Naturally, mother cats give birth to so many kittens but only a few of them survives. In fact, a mother cat is said to be fortunate when their kittens make it to adulthood. Even in a cattery with a properly vetted mother, kittens have a 20% mortality rate. Sadly, the rate is higher with orphan kittens.
We’ve always been instructed by our vet to call or visit them when any medical problems arise. That’s probably because there might be issues that you wouldn’t notice in an adult cat that can quickly lead to the death of the kittens.
Protect your kitten and your pets at all cost. As much as possible, weigh them every morning. Their weight should increase a little every day. Be extra careful in letting them mingle with other pets unless they’re healthy and completely vaccinated. In addition, wash your hands before and after you handle a kitten.
At 3 weeks of age, ask your vets if your kitten needs to be de-wormed or needs to receive vaccinations. Because she can’t benefit from her mother’s immunity from diseases, early (recommended) vaccinations are a MUST.
Signs that your Kitten may be ill
- Fever (or a temperature of over 103°F)
- Hypothermia (or a temperature under 99°F)
- Constant crying
- Repeated vomiting
- Decreased appetite
- Pale gums
- Weight loss or failure to thrive
Here are the common health problems that can threaten the health of your kitten:
As a result of dehydration, your kitten can experience constipation. If this happens, add a little more water to your formula. Note that constipation can also be a symptom for intestinal blockage. Thus, if she doesn’t pass stool in approximately 48 hours, you need to have her seen by the vet. If she starts to vomit, take her to the vet immediately.
You should understand that diarrhea is not a disease. It is a symptom used to describe runny or watery stool. It can be caused by bacteria, parasites, or viruses. But simpler causes include diet modification and over-feeding. If she’s having a mild diarrhea but is alert and playful, you might want to add more water to the formula food you feed her.
Note that stress can cause diarrhea in kittens. This happens when there are major life changes in their lives. Examples of these include separation from mother and litter mates; moving to a new home; and meeting new people or animals.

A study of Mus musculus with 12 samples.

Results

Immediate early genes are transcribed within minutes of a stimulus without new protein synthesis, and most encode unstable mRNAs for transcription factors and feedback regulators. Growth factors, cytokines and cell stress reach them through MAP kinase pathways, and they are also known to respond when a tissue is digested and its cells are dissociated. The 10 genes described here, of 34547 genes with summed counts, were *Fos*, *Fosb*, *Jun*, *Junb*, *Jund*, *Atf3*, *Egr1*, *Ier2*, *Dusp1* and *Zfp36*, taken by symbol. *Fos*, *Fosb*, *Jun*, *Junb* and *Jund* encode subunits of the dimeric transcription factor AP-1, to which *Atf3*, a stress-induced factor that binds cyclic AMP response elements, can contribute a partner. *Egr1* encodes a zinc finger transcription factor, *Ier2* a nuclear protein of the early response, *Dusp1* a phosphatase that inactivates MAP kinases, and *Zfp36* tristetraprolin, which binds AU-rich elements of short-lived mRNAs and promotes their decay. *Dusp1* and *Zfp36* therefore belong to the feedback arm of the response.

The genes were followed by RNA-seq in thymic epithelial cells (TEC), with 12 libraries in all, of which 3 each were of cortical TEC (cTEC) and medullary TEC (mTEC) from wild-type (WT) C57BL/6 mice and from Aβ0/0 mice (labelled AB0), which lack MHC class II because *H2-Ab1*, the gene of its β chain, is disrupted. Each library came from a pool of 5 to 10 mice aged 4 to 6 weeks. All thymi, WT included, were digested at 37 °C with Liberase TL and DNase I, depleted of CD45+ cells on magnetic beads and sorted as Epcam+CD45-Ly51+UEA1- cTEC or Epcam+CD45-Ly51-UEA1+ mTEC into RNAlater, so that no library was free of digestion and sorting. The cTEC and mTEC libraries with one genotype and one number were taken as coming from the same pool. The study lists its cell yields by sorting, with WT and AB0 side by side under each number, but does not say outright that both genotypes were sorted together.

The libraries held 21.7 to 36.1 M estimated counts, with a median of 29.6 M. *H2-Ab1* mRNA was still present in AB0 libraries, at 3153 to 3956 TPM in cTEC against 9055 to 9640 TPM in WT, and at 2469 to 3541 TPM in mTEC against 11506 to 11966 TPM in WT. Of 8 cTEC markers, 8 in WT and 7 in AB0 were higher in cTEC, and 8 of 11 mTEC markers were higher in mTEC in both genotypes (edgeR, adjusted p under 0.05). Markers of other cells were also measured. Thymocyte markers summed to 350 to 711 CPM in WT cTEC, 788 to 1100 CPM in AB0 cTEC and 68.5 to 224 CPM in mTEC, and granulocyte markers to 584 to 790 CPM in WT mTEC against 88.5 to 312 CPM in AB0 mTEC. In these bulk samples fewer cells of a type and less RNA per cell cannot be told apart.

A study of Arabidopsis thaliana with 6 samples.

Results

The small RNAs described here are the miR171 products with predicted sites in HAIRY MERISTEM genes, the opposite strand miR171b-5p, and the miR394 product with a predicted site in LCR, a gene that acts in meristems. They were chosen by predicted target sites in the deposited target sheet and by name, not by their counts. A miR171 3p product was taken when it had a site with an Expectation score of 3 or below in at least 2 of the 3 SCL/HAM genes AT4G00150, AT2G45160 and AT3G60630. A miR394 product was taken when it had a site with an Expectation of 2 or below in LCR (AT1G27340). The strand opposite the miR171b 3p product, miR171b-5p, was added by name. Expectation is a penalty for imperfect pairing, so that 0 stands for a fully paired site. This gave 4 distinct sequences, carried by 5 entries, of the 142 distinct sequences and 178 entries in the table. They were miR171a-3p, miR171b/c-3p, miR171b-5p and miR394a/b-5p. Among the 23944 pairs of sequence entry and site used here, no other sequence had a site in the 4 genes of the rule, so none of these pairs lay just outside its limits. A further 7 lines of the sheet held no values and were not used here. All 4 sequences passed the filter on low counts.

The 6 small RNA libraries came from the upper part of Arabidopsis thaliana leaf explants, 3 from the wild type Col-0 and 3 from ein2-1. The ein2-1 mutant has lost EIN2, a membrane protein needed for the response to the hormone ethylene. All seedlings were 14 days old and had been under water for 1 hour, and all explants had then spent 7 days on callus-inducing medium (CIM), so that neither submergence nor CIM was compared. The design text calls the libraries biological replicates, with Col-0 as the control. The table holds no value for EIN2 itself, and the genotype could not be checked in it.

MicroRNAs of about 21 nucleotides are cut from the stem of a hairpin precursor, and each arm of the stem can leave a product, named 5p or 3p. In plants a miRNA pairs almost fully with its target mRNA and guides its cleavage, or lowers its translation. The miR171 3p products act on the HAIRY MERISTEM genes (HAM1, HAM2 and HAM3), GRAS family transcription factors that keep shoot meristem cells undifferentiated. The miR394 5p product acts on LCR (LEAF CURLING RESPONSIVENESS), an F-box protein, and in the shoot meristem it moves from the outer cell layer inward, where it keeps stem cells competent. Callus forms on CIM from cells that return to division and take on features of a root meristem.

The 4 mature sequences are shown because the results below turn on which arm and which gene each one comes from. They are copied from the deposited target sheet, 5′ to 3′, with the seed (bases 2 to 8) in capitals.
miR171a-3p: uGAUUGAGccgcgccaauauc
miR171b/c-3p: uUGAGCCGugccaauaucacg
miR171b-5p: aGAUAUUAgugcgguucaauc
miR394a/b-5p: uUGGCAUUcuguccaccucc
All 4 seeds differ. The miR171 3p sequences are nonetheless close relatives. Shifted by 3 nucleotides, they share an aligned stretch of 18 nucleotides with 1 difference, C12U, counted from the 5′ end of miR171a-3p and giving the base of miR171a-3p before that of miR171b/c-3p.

Monitor for signs of dehydration by checking the following:
- Dry and hard poop
- Gums and mouth is sticky to the touch (healthy oral cavity should be moist)
- Darker-colored pee (dark yellow, brown, or red)
- Skin tenting – a more accurate sign in kittens that are more than 6 weeks old. Do this by pulling up the skin at the back of the neck. If it only takes one second to snap back, your kitten should be fine. However, if it takes longer to return to normal, she is most likely dehydrated.
Upper Respiratory Infection (URI)
Upper respiratory infections are among the most common infections diagnosed in kittens. Its signs and symptoms include:
- Runny nose
- Lack of appetite
- Eye discharge
- Mouth ulcers
- Limping (due to joint pain)
Most upper respiratory infections are highly contagious; it can easily be passed from one kitten to another. While adult cats may be infected, it’s the kittens that experience the most severe symptoms. Thus, if there are animals in your house that are sick with URI, you need to contain them in a bathroom.
Kitten colds, like human colds, must run its course. They are treated by the vets symptomatically. They may receive antibiotics to eliminate bacterial infections, or they may be given subcutaneous fluids. Because kittens may experience nasal congestion, they can’t smell their food. Thus, they won’t have much appetite. Your vet may implement force feeding or tube feeding. You may also be advised to use a vaporizer to loosen up the nasal gunk.
Flea infestation is very common not only in kittens, but in other animals as well. While fleas can affect cats of all ages, it can be very troublesome for kittens. Because of their small size, they are likely to become anemic from blood loss. Fleas can also spread certain diseases to affected kittens, like tapeworms.
Use flea treatments that are labeled safe for the size and age of your kitten. You can remove fleas from kittens that are younger than 8 weeks using very fine-tooth comb.
Fleas can be difficult to find because they are very little and a kitten’s hair can be so dark and dense. But just because you can’t see them doesn’t mean they’re not sucking the blood of the kitten. Treatments that are labeled safe for the size and age of your kitten. You can remove fleas from kittens that are younger than 8 weeks using very fine-tooth comb.
Fleas can be difficult to find because they are very little and a kitten’s hair can be so dark and dense. But just because you can’t see them doesn’t mean they’re not sucking the blood of the kitten. Give your kitten a bath with a safe cat shampoo. Once you see the fleas against the suds, pull them out with the flea comb.
Ear mites are also very common in kittens, although adult cats can also be infected. The most common manifestation of ear mites is a black or brownish ear discharge that looks similar to a coffee ground. Their ears may become itchy as well, and you may see inflammation in and around their ears.
Intestinal parasites are also common in kittens. This warrants routine de-worming. Roundworms and hookworms are the most common intestinal parasites in kittens. However, there may be other parasite infestations as well. They can be infected by tapeworms, Giardia, as well as coccidian. Aside from routine de-worming, take your kittens to the vet for a fecal examination as well. This test will help the vet recognize any intestinal problems in your pets.